FAST FACTS HAWAII
Gas prices might realign workplace
Four-day workweeks and no more cubicles -- could this be the future of the workplace?
Job placement consultancy Challenger, Gray & Christmas Inc. recently released a list of workplace predictions that reflect the evolution of technology and rising cost of health care and energy.
» The end of business travel: Rising airfares and pressure to become environmentally responsible could drive corporations to opt for teleconferencing rather than sending employees on frequent business trips.
» Four-day workweeks: Given the rise of gas prices and the availability of portable technology, four-day weeks could become a new standard for corporate America.
» Saying goodbye to corporate headquarters: Real estate costs and environmental pressures may force companies to reconsider massive corporate complexes. Instead, they may rent out smaller office spaces with easier access to employees.
» No more cubicles: Employers are increasingly replacing confined cubicles with common areas, conference tables and community workspaces to promote interaction and teamwork. With employers using laptops and moving space to space, flexible designs will also benefit telecommuters who work in the office sporadically.
Book looks at what sways people
Why do rational people do irrational things, like keeping plummeting stock or staying in a doomed relationship?
Brothers Ori and Rom Brafman examine the psychology behind such behavior, in business and in life, in their recently published book "Sway: The Irresistible Pull of Irrational Behavior."
The book looks at extreme examples of inexplicable behavior, like a veteran airline pilot who attempts to take off without control tower clearance and collides with another plane.
The book also focuses on group dynamics, in which visual perception is distorted by the opinions of others. In one study, a participant is coaxed by others in the room to believe that a rope is a shorter length than another, despite its appearance.
People are most often swayed because of roles they are ascribed, especially in the workplace, according to Ori Brafman. This affects their performance.
"There have been studies in which people perform better on tests when their managers think they are more intelligent, regardless of how intelligent they really are," Ori Brafman said in a phone interview. "Obviously this happens in all of our relationships, but it's something we don't realize we do. It's amazing how easily people are drawn into irrational decisions without even being aware that it's happening."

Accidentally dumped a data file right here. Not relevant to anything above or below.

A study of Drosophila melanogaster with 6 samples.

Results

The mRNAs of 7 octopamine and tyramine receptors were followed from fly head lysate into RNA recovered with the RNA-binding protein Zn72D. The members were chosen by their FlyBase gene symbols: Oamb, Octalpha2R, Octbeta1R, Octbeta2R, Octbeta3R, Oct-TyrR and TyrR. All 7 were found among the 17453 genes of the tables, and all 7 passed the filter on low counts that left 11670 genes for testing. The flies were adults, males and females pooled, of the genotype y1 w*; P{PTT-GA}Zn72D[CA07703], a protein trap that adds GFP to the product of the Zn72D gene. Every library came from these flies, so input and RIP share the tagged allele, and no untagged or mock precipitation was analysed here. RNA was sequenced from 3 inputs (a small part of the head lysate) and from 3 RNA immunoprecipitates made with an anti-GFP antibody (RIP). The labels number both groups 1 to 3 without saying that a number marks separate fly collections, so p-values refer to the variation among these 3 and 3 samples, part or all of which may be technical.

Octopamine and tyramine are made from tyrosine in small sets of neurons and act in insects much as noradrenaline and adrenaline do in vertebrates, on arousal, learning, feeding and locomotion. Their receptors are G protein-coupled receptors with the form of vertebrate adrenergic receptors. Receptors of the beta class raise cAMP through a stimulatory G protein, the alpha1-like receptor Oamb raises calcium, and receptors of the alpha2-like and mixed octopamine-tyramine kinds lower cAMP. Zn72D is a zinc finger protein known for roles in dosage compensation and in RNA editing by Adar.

Firm installs 'virtual watercooler'
Nothing beats chitchatting with colleagues around the watercooler. But as companies go national and global, and employees increasingly telecommute from home, the conversation hub may run the risk becoming extinct in some offices.
That's why outsourcing and consulting firm Accenture Ltd. has just launched a virtual watercooler that it hopes will serve as a model for other companies, according to the company's director of corporate programs, Armelle Carminati.
The online forum allows employees to upload dialogue, personal pictures and videos, and work-related projects. It's accessible only from within the company but is similar to online social networking Web sites.
So far, the site is geared specifically for women, Carminati said.
"This is a great way for people from around the world to get to know one another and talk about the things that matter to them -- not just personal things, but career questions and insights," Carminati said. "In some ways it may be better than standing around an actual watercooler, because these may be topics that would not naturally come up in conversation necessarily."
Drivers report less stress with GPS
People who drive with GPS devices in their vehicles report they are less stressed and more alert. Plus they tend to drive more efficiently.
The study, released last week by the Virginia Tech Transportation Institute and commissioned by TomTom, a GPS device maker, involved more than 1,000 people in the United States and Europe who were asked how they felt when using a GPS device.
Seventy-two percent of the respondents said that using one made them feel less stressed, and 59 percent said they were able to pay more attention to the road.
Also, 77 percent felt more in control during their trip; 53 percent felt more alert.
In a second part of the study, drivers were hooked to various cameras and sensors as they drove with a TomTom Go 920. Drivers with GPSes showed faster reaction times and made fewer mistakes.
The study also found that people drove more efficiently when they had GPS directions, covering fewer miles and using less gas.